Investigators find mass of evidence tied to Unabomber Search of cabin in Montana woods continues by inches

April 06, 1996|By NEW YORK TIMES NEWS SERVICE

WASHINGTON -- As amazed investigators combing the cabin of a Montana recluse continued to haul away what they said was a mountain of evidence tying Theodore John Kaczynski to the Unabomber attacks, authorities began to turn their attention yesterday to the tactics of building a case against him.

Federal law enforcement officials said they still could not explain how the man they believe was the mail bomber would have selected his victims.

But they voiced confidence that the explosives, pipes, solder, tools, notebooks and other objects found at the cabin would build a link between the 53-year-old former math professor and the 18-year nationwide trail of terror that left three people dead and 23 injured.

In particular, as an FBI affidavit set forth, searchers were astounded to discover at least 10 loose-leaf binders, filled with meticulous writings and sketches, which Mr. Kaczynski had made no attempt to hide.

One official said some of the drawings appeared to depict the workings of the Unabomber's devices. "I think we're going to find that the drawings are going to match up," he said.

Two typewriters have also been seized and one, investigators said, appeared to be the one on which the Unabomber had typed a 35,000-word screed denouncing modern technology, a manuscript whose publication by the Washington Post and the New York Times last year led to the tip from a brother that ended with the suspect's arrest Wednesday.

Elated by the accumulating evidence from the cabin that may take through next week to collect, law enforcement officials from California to New Jersey began positioning themselves for the prosecution.

In Montana, where Mr. Kaczynski was arrested after weeks of surveillance on charges of possessing explosives, federal prosecutors said Thursday that they would convene a grand jury April 17 to hear evidence against him.

Represented by a public defender in federal court in Helena, the bearded Mr. Kaczynski, dressed in an orange jumpsuit, waived his right to a bail hearing and remained in custody.

The Montana grand jury will consider only offenses committed within the state. Because the bombings occurred in other states, federal and local prosecutors in those states are considering whether to seek trials in their states, officials said yesterday.

With two mail bomb deaths in California and one in New Jersey, prosecutors in those states may have the strongest claim if clear evidence emerges tying Mr. Kaczynski to those bombings.

Two of the bombings, one in North Caldwell, N.J., on Dec. 10, 1994, and another in Sacramento, Calif., on Dec. 11, 1985, occurred after enactment of a federal death penalty law for lethal terrorist attacks. In addition, California and New Jersey have the death penalty.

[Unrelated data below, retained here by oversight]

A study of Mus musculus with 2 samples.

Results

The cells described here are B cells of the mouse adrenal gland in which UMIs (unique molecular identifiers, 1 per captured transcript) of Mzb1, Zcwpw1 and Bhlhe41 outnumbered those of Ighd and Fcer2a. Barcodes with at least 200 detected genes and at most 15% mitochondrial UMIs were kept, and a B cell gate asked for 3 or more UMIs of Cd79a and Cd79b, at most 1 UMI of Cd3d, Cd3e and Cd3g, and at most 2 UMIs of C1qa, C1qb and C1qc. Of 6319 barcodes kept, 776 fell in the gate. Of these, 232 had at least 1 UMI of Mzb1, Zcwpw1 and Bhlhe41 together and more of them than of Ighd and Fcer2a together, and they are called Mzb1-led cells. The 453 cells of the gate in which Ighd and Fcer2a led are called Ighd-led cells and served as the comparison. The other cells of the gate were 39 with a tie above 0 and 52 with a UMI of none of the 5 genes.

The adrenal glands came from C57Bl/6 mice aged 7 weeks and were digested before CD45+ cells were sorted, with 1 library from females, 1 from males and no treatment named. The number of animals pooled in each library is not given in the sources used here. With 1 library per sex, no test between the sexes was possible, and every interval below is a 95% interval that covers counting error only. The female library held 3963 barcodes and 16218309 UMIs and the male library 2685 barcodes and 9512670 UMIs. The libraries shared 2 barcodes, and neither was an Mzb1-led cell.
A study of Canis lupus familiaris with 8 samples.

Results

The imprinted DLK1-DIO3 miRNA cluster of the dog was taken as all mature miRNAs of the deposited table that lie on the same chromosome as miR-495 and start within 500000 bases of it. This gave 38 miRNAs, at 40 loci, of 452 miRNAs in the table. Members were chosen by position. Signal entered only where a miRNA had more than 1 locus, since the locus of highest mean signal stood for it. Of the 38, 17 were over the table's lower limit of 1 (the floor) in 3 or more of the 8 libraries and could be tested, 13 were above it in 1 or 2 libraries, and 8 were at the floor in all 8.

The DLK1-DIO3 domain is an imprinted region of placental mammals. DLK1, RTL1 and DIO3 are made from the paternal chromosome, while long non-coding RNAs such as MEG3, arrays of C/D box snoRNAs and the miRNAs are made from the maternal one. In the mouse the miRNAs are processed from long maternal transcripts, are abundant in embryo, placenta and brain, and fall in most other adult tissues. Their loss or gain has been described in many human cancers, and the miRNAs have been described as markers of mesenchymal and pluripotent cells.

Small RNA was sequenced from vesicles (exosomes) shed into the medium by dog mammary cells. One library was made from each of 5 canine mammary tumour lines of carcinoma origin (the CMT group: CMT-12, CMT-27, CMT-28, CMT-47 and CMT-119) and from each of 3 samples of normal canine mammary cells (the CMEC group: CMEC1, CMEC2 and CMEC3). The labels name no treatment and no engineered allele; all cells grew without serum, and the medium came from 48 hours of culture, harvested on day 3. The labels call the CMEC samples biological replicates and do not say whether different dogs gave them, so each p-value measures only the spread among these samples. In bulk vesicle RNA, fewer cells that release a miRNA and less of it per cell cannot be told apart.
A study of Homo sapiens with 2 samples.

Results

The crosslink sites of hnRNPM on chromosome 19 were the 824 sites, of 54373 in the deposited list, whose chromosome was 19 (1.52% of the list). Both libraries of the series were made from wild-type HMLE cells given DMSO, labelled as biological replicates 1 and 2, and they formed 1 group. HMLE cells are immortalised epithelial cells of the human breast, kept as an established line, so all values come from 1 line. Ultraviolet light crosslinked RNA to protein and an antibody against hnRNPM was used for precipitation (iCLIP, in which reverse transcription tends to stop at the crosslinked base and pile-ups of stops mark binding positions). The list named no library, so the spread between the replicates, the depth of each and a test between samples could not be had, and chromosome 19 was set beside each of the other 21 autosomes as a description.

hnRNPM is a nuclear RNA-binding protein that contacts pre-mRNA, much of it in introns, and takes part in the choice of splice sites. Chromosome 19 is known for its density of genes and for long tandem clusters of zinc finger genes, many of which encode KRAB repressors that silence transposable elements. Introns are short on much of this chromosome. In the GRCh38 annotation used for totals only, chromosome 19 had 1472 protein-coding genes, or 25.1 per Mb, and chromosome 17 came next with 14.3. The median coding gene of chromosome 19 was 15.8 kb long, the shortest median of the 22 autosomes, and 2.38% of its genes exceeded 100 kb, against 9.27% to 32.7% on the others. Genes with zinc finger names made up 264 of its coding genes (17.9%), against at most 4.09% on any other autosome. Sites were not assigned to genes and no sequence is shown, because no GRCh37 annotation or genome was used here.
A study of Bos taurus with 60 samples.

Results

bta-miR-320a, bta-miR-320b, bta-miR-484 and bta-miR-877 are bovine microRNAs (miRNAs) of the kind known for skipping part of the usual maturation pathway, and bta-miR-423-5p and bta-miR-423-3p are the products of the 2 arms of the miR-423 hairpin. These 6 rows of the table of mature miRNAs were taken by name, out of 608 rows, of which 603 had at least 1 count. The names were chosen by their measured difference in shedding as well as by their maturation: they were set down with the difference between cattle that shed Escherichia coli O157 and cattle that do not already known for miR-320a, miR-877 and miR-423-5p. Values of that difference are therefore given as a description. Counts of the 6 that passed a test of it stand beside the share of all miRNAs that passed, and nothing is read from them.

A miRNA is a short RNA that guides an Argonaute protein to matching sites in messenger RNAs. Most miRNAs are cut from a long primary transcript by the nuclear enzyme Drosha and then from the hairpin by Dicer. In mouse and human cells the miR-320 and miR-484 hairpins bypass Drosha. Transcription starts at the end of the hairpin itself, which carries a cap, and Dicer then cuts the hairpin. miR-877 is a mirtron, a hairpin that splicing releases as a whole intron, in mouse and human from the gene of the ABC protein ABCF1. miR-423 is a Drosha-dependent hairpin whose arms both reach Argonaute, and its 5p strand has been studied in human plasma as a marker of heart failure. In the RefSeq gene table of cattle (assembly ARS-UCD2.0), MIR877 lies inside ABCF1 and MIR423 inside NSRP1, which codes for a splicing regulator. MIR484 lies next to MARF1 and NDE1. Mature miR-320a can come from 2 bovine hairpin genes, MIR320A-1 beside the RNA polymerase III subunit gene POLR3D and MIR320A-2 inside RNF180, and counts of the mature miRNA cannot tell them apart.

Gov. Pete Wilson of California has already said he would seek to have Mr. Kaczynski tried there. Federal prosecutors in Sacramento and Newark have voiced interest in taking on the case, although the offices would not discuss the matter yesterday.

With the shift to amassing evidence and building a prosecution case, the search for the person responsible for a frightening trail of 16 bombings over 18 years appears to have come to an end.

The attacks began in 1978 with the explosion of a package sent to the University of Illinois and returned to a fictitious sender at Northwestern University. A security guard was injured. A second bomb in a box was found at Northwestern a year later, injuring a student.

That same year, in November 1978, a bomb mailed from Chicago exploded aboard an American Airlines flight to Washington, injuring 12 people. In the 1980s the locus of the attacks seemed to shift westward, with some exceptions, to universities in Salt Lake City and Berkeley, Calif.

In 1985 the wave of bombings claimed its first fatality -- a computer store owner, Hugh Campbell Scrutton, in Salt Lake City.

Nine years later came the killing of an advertising executive, Thomas Mosser, in North Caldwell, N.J. Then in April 1995, a forestry association president, Gilbert P. Murray, died in a blast in Sacramento.

Through it, the bomber, who came to be known for his FBI acronym based on his attacks on universities and aviation, taunted the authorities with typewritten letters and a long manifesto decrying the dehumanizing effects of technology.

As the authorities had long hoped, the writings helped lead to an arrest.

Mr. Kaczynski's younger brother, David, of Schenectady, N.Y., grew suspicious after reading the published manifesto late last year and contacted the FBI through a Washington lawyer who has not been identified.

One federal official said yesterday that the lawyer initially tried to win a promise that the government would not seek the death penalty if the tip did implicate Theodore Kaczynski, but the request was rebuffed.

Baltimore Sun Articles
|
|
|
Please note the green-lined linked article text has been applied commercially without any involvement from our newsroom editors, reporters or any other editorial staff.